New York City is a popular destination and reportedly receives 47 million people a year, including over a million from the UK and over 250,000 from Ireland respectively.

Significant holidays, such as Christmas and New Year, also attract the crowds who flock to the city to stock up on presents and celebrate with thousands of other revellers. So why don’t us Brits consider spending Saint Patrick’s Day in The Big Apple in 2009?

New York City holds one of the longest running Saint Patrick Day parades in the world. 2009 will be the 248th year that fifth avenue (between 34th and 59th Street, central Manhattan) pays host to the parade involving some 150,000 marchers – and an additional 2 million spectators. The popularity of the celebration is no doubt due to New York’s own Irish community, which is the sixth biggest minority in the city today.

Manhattan’s Irish Heritage stretches back to the potato famine of the mid-1800s. This resulted in almost 2 million people leaving the country with many of them heading west, landing in New York, and subsequently settling in the city due to arriving with very little money. Since then the Irish community has become well established in the area, with examples of Irish influence in the religious, political, and business/service sectors exemplified by the many Irish bars across the city – and the popularity of products such as Smithwick’s Ale.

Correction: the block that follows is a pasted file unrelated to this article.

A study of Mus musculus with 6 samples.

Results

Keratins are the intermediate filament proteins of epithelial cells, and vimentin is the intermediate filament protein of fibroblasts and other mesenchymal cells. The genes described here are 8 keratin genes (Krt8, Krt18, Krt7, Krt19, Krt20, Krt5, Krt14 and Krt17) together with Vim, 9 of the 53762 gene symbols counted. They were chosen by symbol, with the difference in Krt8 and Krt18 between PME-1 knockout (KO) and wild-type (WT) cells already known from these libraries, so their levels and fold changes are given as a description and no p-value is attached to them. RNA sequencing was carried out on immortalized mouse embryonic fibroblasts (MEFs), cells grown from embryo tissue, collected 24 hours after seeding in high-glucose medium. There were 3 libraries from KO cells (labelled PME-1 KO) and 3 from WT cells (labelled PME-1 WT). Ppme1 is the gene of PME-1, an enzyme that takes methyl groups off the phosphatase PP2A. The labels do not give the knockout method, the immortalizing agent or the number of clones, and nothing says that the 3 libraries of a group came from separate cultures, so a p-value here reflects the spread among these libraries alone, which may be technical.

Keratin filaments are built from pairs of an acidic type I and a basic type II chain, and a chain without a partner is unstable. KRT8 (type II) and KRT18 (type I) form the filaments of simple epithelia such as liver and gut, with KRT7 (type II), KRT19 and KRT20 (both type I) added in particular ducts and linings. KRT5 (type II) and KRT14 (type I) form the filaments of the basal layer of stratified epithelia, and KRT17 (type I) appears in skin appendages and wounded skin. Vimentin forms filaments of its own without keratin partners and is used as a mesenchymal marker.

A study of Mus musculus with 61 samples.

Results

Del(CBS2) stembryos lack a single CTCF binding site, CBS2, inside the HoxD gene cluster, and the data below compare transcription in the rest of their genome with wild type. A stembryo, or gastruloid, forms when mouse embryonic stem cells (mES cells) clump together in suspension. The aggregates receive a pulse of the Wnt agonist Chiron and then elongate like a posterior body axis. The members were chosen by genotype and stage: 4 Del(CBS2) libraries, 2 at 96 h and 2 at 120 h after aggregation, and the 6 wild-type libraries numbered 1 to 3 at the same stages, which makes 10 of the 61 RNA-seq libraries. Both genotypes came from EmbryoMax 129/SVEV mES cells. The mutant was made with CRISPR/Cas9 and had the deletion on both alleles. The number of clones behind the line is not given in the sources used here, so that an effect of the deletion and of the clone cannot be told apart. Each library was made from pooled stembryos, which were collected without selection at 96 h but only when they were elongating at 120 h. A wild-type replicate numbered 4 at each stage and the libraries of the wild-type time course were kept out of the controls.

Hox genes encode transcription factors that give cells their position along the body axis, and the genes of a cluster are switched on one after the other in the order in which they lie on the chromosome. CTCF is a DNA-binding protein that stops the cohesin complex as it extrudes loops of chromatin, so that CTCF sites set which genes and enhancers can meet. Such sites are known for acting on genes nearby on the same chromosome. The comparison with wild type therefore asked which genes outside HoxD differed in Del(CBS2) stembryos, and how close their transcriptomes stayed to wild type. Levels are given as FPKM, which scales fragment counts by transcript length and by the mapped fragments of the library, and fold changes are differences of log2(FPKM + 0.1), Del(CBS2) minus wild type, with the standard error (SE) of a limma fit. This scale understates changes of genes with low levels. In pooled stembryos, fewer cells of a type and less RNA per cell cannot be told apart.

An additional plus to the multicultural character of New York City, is that in terms of accessibility, the city is one of the best places to easily experience a diverse range of cultural influences. Alongside the Irish community, there are many Puerto Ricans, Chinese, Italians, Dominicans, and West Indians – who have all had an impact on the city. And therefore, for the brief visitor to the city, there is an awful lot of choice concerning sights to see and cuisine to sample.

Yet with today’s economic climate, it is probably the thought of travel money that is at the forefront of most people’s minds. From a British perspective, over the last year the pound has suffered a massive fall against the US dollar as well as the Euro but since February, or so, has showed a slight increase which bodes well for the 17th. As it stands, £1 gets you $1.42 but is closer to parity with the Euro (€1.13), so looking at the figures for the past year (and the percentage change) the weakness of the pound is not likely to differ too much between the two destinations.